New website lists funds available for SMEs

iSprint aims to introduce IT to help SMEs become more productive
The Straits Times - January 18, 2012
By: Hellen Tan

Chye Lye Curry Fish Head Restaurant in Sembawang had a revolution recently - it installed an electronic point-of-sale (POS) system to manage its accounts.

Before, for 20 years or more, pen-and-paper accounting had forced its owner, Mr Wong Li Loon, to stay up till 2am to tally the day's takings. He is up again at dawn so that he can be at the wet market to buy fresh produce. He is also the cook.

His son, Mr Sherman Wong, who helps out part-time at the restaurant, thought his 61-year-old father was not getting enough rest.

Last November, the younger Wong had the POS system installed.

Now, with the press of a few buttons, the system generates a full report and his father is home by about midnight after the shop closes at 10.30pm.

The system, which cost about $3,000 from local retail IT solutions vendor Suntoyo Technology, has a touchscreen display and its software is in English and Chinese, so its waiters can be easily trained to use it.

The restaurant paid 50 per cent of the cost and obtained an iSprint grant to fund the rest.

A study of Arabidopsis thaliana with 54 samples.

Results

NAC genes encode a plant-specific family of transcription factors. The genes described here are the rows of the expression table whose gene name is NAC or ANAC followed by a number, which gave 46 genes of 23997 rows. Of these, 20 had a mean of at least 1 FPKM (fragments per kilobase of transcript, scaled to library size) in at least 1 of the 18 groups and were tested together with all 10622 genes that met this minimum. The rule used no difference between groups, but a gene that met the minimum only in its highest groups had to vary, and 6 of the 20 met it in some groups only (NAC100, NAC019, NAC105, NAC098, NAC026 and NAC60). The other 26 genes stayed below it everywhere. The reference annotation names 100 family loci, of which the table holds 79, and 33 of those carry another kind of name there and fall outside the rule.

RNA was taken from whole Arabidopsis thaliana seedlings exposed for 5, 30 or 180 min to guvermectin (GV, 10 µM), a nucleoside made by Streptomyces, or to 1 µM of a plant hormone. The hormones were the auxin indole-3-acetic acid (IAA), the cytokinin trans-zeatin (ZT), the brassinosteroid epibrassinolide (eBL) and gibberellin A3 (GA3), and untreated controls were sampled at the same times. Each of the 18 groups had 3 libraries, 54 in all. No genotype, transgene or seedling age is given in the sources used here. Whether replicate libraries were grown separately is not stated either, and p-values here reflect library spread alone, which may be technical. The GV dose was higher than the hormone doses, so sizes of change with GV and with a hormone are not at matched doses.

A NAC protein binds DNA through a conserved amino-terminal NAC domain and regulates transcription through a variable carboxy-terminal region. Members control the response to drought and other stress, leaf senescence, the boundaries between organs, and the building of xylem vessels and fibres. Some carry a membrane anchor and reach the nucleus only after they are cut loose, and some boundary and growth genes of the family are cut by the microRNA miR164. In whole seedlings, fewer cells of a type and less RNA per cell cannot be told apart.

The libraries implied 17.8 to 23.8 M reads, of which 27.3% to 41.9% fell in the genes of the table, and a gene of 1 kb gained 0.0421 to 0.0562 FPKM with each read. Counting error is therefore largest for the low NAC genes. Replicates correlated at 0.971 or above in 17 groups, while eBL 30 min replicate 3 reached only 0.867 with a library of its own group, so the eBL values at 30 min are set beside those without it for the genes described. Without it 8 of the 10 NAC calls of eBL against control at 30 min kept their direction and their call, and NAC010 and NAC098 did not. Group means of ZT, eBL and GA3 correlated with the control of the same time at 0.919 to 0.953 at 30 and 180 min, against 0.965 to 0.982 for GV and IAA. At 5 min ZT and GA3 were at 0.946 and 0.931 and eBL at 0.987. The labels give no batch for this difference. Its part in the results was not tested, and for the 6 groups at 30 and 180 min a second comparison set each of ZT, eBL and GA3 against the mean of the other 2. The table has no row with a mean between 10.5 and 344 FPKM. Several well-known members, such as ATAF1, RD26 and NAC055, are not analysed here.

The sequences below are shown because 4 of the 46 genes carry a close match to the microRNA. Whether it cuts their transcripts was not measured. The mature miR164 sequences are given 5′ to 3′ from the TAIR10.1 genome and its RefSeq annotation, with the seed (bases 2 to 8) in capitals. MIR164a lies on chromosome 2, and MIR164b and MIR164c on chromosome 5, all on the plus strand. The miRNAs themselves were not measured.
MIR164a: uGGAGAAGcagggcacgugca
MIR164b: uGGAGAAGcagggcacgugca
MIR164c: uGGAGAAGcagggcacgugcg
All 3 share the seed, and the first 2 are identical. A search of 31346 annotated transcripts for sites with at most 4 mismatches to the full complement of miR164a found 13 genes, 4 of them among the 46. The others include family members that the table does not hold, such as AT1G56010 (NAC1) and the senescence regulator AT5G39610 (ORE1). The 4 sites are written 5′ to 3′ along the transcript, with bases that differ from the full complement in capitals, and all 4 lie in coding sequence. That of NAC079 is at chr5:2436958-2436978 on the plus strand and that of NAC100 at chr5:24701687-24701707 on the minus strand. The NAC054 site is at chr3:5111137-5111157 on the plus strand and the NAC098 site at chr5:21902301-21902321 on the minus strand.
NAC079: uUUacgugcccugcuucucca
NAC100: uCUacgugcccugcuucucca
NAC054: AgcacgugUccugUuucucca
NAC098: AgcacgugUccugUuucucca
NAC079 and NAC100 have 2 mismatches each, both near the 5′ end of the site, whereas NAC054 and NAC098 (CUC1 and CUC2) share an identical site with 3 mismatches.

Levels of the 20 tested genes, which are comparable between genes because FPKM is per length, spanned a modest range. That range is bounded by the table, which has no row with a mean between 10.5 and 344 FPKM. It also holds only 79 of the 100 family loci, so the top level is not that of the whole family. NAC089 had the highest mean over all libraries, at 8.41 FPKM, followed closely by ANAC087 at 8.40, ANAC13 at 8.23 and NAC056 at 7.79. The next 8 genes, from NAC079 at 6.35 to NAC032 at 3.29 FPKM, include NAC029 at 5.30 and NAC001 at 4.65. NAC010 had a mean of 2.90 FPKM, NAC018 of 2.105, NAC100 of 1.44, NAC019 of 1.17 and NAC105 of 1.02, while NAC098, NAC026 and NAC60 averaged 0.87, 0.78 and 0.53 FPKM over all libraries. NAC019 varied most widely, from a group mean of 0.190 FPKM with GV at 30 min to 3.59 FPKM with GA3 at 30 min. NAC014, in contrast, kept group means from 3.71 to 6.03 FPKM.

iSprint stands for Increase SME Productivity with Infocomm Adoption and Transformation.

It aims to help small and medium-sized enterprises (SMEs) that are new to IT to computerise and become more productive. The Infocomm Development Authority (IDA) administers the funds.

SMEs can ask for $1,500 to buy packaged accounting software or up to $25,000 to acquire specialised hardware or software.

iSprint is one of the many types of funding available at Way to Go, Singapore (www.waytogo.sg), a new website launched two weeks ago by the National Productivity and Continuing Education Council.

Way to Go, Singapore is also the name of the council's new campaign to drive national productivity.

Visitors to the website will find a comprehensive list of funds, training programmes and scholarships available to companies. This saves companies from having to visit several sites to find out what is available.

The Inland Revenue Authority's Productivity and Innovation Credit programme is on the list.

So is Spring Singapore's Technology Innovation Programme, which will pay up to half the cost of a tech innovation project, if it is done by a single company, and up to 70 per cent, if it is carried out by a consortium of SMEs and non-SMEs.

The programme grant covers costs for areas such as manpower, intellectual property rights, consultancy, prototyping, equipment and materials.

The website also details education development centres such as the Association of SMEs and the several chambers of commerce, as well as organisations which can help businesses to be more productive, including the Economic Development Board, Building and Construction Authority, Ministry of Health and Singapore Tourism Board.

Sixteen sectors, including health care, social services, construction, retail, electronics, manufacturing and finance, will receive priority in this productivity drive.